Tuesday, October 2, 2007

Conrad's Heart of Darkness and the Reality of Evil

I like "Heart of Darkness" first of all because it has both philosophical and psychological richness. It is also literary. The book discusses good and evil and unchecked power. It seems to me that the story is plausible on a psychological level, although I certainly am no psychologist.

First, something needs to be said regarding the problem of good and evil since I understand that liberals and conservatives view this concept differently. Dennis Prager, the radio talk show host, said, “No issue has a greater influence on determining your social and political views than whether you view human nature as basically good or not.” He further stated that his experience as radio talk show host had led him to conclude that “the major reason for political and other disagreements I had with callers was that they believed people are basically good, and [he] did not.” He believes that “we are born with tendencies toward both good and evil.”

He lists four reasons why this issue is so important. (1) If “people are born good” then evil has its source outside of the individual. Prager states that this often leads to the conclusion that the source of evil is poverty. (2) If people are born good, character development will not be stressed. “You will teach [children] how to struggle against the evils of society -- its sexism, its racism, its classism and its homophobia. But you will not teach them that the primary struggle they have to wage to make a better world is against their own nature.” (3) If “people are basically good, God and religion are morally unnecessary, even harmful. Why would basically good people need a God or religion to provide moral standards?” (4) If “people are basically good, you, of course, believe that you are good -- and therefore those who disagree with you must be bad, not merely wrong. You also believe that the more power that you and those you agree with have, the better the society will be. That is why such people are so committed to powerful government and to powerful judges. On the other hand, those of us who believe that people are not basically good do not want power concentrated in any one group, and are therefore profoundly suspicious of big government, big labor, big corporations, and even big religious institutions. As Lord Acton said long ago, ‘Power corrupts, and absolute power corrupts absolutely.’ Lord Acton did not believe people are basically good.”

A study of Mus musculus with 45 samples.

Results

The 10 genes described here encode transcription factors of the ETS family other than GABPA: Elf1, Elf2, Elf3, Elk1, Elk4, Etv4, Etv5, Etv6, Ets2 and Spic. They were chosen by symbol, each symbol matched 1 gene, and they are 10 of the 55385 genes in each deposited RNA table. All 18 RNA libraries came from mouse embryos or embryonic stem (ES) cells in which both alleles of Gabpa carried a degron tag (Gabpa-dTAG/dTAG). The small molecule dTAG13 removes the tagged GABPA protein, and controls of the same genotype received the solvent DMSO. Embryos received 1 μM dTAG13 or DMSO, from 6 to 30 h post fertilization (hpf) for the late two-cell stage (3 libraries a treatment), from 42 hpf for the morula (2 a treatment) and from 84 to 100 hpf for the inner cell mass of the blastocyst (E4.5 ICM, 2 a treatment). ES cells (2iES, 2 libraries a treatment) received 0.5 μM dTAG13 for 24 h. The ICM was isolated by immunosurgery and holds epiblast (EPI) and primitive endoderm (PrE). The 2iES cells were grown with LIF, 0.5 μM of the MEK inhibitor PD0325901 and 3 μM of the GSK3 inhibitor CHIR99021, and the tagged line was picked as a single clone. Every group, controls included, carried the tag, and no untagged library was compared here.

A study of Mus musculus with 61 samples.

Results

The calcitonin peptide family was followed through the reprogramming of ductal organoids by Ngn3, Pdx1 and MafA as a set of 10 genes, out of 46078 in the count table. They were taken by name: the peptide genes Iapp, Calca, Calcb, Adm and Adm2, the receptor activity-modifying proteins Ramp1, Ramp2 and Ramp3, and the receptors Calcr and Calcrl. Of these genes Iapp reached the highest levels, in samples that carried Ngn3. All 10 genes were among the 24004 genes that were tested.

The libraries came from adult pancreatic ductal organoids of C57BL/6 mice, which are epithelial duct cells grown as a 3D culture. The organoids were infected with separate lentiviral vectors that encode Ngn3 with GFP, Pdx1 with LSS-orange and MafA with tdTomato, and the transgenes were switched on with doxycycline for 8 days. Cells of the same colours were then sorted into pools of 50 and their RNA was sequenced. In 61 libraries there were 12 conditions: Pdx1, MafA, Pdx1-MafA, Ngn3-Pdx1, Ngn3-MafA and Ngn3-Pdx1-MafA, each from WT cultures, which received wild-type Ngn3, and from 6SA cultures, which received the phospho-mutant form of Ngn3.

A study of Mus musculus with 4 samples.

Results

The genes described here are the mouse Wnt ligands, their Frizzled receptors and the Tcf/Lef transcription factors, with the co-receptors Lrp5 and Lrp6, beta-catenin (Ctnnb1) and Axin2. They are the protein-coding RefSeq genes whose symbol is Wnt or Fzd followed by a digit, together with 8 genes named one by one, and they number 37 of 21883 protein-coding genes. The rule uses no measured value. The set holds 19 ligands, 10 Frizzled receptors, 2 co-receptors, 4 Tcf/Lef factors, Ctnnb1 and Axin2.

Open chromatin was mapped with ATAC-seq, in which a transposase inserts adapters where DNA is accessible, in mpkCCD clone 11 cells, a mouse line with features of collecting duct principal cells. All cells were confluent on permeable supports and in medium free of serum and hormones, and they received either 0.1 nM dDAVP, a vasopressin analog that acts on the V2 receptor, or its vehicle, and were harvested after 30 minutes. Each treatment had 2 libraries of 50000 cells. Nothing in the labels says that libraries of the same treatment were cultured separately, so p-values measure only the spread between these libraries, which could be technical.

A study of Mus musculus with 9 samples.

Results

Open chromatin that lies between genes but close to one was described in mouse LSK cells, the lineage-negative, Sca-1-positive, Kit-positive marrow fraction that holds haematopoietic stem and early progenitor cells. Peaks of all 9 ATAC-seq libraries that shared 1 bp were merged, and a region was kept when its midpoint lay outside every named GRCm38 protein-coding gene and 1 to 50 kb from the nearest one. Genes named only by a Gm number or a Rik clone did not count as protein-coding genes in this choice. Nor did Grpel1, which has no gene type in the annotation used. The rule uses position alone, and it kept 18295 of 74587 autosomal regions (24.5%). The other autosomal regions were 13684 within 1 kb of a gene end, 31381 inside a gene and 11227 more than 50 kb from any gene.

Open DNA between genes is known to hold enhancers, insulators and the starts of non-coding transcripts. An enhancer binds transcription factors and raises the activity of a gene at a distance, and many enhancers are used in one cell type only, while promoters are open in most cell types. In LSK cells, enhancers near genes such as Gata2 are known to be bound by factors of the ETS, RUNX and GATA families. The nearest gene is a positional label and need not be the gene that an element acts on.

Prager concludes his article by stating that if the West does not soon reject “humanism and begin to recognize evil, judge it and confront it, it will find itself incapable of fighting savages who are not noble.” [Note: all quotations are from Dennis Prager are from an internet article at http://jewishworldreview.com/0103/prager123102.asp] Individuals must be taught to do good. I agree with Prager that babies are born innocent but not good.

The characterization of Kurtz in the novella traces a person’s unchecked descent into absolute evil and final recognition of the horror of that descent. I think “Heart of Darkness” demonstrates brilliantly an individual’s as well as civilization’s capacity for evil.